We get the Radio 1 breakfast host we deserve. Current morning chatty man Greg James is – and I mean no disrespect here – the Brexit of Radio 1 DJs. Breakfast means breakfast. His whole schtick is that he’s a ‘normal’ bloke, the bloke next door, a non-celebby celebrity you’d be unsurprised to see pulling a pint down your local pub. When Michael Gove proclaimed that “people in this country have had enough of experts”, he encapsulated the success of Trump, the onset of Brexit – ordinary people boldly rising to fuck things up for themselves, against the common sense opined by bloody ‘experts’ – and, unwittingly, also predicted Greg James’ Radio 1 Breakfast slot. James is more like your brother’s mate than a famous DJ.
In contrast, his predecessor, Nick Grimshaw, was the radio equivalent of an ‘expert’ – a celebby insider who rubbed shoulders socially with the stars (Harry Styles, Rita Ora, you name ‘em) that he interviewed on air. Grimmy lived behind the velvet rope. Greg James stands outside the velvet rope, sniggering and showing you a funny meme on his iPhone. Just before he started the Breakfast gig, James told NME: “My thing has always been that once you join the circus, you can’t take the piss out of the circus. And I really like taking the piss out of things.”
By the time he stepped down from the early slot, Grimmy’s show was, after six years, attracting the lowest Radio 1 Breakfast show listening figures since records began in 1992. In February, when Radio Joint Audience Research (RAJAR) publishes the latest radio listening figures, we’ll know if Greg James has brought the younglings back onboard. Meanwhile, Grimmy’s swapped shows with his sucessor, kicking back with a more civilised 4pm – 7pm broadcast (which must beat waking up at 5am). And you know what? He’s bloody good at it! The new show’s a right laugh.
While Grimmy was famously appointed to Breakfast Show to shed older listeners (no-one told him to lose quite so many people, mind) and bring in a whole new generation, there’s less pressure on him to deliver big numbers in his afternoon slot. He previously hosted a Sunday night show and a late weeknight evening show, and these relaxed environments allowed him to flex his acerbic sense of humour. He was catty, sassy, making side-eyed remarks and dispensing with withering putdowns. He was the same on Twitter, too – when Oasis split up, he tweeted: “I’m glad oasis have split up. 15 years too late.” Ouch! This was the era of Grimmy: Unchained, when he didn’t have to be so bloody cheery all time, obliged to fill us with pre-9am prep.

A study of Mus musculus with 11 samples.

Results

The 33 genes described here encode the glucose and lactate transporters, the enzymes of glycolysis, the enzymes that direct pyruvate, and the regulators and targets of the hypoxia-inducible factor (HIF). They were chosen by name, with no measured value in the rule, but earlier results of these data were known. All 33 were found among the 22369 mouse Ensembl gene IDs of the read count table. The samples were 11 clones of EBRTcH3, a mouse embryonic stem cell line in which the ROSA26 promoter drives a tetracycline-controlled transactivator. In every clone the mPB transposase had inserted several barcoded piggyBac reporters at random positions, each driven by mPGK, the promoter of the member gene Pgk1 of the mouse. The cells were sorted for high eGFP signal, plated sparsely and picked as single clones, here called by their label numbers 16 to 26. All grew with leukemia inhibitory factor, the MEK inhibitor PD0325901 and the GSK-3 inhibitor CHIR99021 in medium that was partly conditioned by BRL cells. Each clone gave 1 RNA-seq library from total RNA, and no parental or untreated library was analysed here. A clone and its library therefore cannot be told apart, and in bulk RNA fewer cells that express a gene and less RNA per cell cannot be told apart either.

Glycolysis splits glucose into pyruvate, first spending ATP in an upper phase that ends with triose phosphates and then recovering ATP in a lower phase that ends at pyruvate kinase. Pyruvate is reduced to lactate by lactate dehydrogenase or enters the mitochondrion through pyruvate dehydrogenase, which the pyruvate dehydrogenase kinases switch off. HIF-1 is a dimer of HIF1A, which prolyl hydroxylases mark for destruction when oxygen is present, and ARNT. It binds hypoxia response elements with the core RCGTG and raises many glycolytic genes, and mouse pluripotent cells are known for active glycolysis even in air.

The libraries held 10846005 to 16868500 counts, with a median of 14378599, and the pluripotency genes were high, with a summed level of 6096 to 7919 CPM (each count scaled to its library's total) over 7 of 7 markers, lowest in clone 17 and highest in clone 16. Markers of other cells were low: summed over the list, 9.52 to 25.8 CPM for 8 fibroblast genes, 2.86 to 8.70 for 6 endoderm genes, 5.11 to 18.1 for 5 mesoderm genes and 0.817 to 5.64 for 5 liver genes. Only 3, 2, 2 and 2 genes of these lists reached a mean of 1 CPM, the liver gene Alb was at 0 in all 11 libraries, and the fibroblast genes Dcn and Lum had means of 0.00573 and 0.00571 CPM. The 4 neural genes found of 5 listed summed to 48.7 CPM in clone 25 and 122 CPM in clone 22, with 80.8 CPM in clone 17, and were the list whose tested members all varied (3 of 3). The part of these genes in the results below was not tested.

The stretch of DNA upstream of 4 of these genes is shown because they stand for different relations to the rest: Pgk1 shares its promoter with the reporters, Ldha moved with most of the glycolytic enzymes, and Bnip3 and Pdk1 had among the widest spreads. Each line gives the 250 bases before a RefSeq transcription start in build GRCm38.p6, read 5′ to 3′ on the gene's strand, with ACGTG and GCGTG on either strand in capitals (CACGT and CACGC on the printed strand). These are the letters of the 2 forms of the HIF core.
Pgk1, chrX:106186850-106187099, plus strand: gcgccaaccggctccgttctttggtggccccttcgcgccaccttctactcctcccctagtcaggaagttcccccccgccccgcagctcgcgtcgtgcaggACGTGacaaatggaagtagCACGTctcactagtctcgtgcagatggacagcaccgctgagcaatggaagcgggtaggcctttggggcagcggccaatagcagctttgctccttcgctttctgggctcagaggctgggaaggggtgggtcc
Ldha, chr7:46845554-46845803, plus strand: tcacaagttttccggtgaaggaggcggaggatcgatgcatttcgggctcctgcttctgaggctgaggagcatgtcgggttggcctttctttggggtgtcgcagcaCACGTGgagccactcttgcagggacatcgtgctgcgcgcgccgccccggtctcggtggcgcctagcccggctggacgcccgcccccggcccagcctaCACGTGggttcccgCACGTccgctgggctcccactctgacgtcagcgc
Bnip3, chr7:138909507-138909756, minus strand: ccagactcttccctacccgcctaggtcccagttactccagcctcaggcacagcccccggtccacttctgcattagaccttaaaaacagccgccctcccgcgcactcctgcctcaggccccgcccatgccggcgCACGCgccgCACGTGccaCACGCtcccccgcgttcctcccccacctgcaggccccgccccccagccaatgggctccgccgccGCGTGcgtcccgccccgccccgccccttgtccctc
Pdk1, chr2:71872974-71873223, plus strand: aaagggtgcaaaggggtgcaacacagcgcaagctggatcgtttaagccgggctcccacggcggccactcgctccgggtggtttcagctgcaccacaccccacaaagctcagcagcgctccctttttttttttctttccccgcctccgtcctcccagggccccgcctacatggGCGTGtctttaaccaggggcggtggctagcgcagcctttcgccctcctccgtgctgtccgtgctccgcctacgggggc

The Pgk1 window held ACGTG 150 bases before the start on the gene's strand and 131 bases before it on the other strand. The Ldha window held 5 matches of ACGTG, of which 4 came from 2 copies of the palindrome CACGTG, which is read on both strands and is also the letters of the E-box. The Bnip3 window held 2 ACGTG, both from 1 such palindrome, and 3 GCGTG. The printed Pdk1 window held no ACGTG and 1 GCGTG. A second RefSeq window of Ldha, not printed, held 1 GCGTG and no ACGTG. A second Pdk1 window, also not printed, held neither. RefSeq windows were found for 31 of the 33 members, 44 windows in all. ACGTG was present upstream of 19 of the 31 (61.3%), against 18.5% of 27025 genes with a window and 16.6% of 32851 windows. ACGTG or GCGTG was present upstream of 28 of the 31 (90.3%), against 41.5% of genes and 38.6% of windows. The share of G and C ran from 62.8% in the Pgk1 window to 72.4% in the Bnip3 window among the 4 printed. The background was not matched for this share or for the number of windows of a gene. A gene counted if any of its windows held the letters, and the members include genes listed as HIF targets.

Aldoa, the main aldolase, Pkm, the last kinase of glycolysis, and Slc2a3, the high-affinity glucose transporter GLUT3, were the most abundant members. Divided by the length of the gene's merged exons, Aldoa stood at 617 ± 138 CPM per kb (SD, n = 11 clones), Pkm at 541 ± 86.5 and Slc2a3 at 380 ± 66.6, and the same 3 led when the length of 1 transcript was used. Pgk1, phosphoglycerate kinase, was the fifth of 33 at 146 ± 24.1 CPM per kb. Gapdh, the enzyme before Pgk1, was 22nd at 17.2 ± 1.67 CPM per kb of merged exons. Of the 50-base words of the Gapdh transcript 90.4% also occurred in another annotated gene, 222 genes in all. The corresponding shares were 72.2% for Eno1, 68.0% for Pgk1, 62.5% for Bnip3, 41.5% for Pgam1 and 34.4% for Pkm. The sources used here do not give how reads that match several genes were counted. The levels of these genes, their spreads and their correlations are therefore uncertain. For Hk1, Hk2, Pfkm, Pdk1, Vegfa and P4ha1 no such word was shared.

It’s like Greg James told NME: once you join the circus, you can’t take the piss out of the circus. Grimmy’s Breakfast Show fell flat because it offered a watered-down version of his sassy persona, a neutered version of his sometimes savage humour. He was reduced to parading around his famous mates like a walking Rolodex, unable to take the piss out of other famouses, lest they be booked on the show the following week. Now edged slightly out of the limelight, in the dimmed winter light of weeknight afternoons in January, he’s returned to his roots.
Even his music has improved: Slowthai’s punk anthem ‘Doorman’ was recently his Tune of The Week and, as I write, he’s spinning Minnesota rapper Lizzo’s bleeding edge banger ‘Juice’.
Recent shows haven’t entirely returned to naughtiness of the late noughties, when he hosted one show with fellow Lancastrians the model Agyness Deyn and fashion designer Henry Holland, who crowed, “We’re Northern but we live in London!” in his broadest accent, the sense of anarchy palpable. Yet there’s a renewed ease to his demeanour and more than a glimmer of his former edge. He recently chastised an assistant for servilely flogging a new BBC app (“Oh, stop trying to plug BBC Sounds”) and name-checked ASDA Living, an implicit rebuke to those who claim he became too showbiz. Shame it took the Beeb six years to realise that you’re a great DJ not cut out for a Breakfast Show, but welcome back, Grim.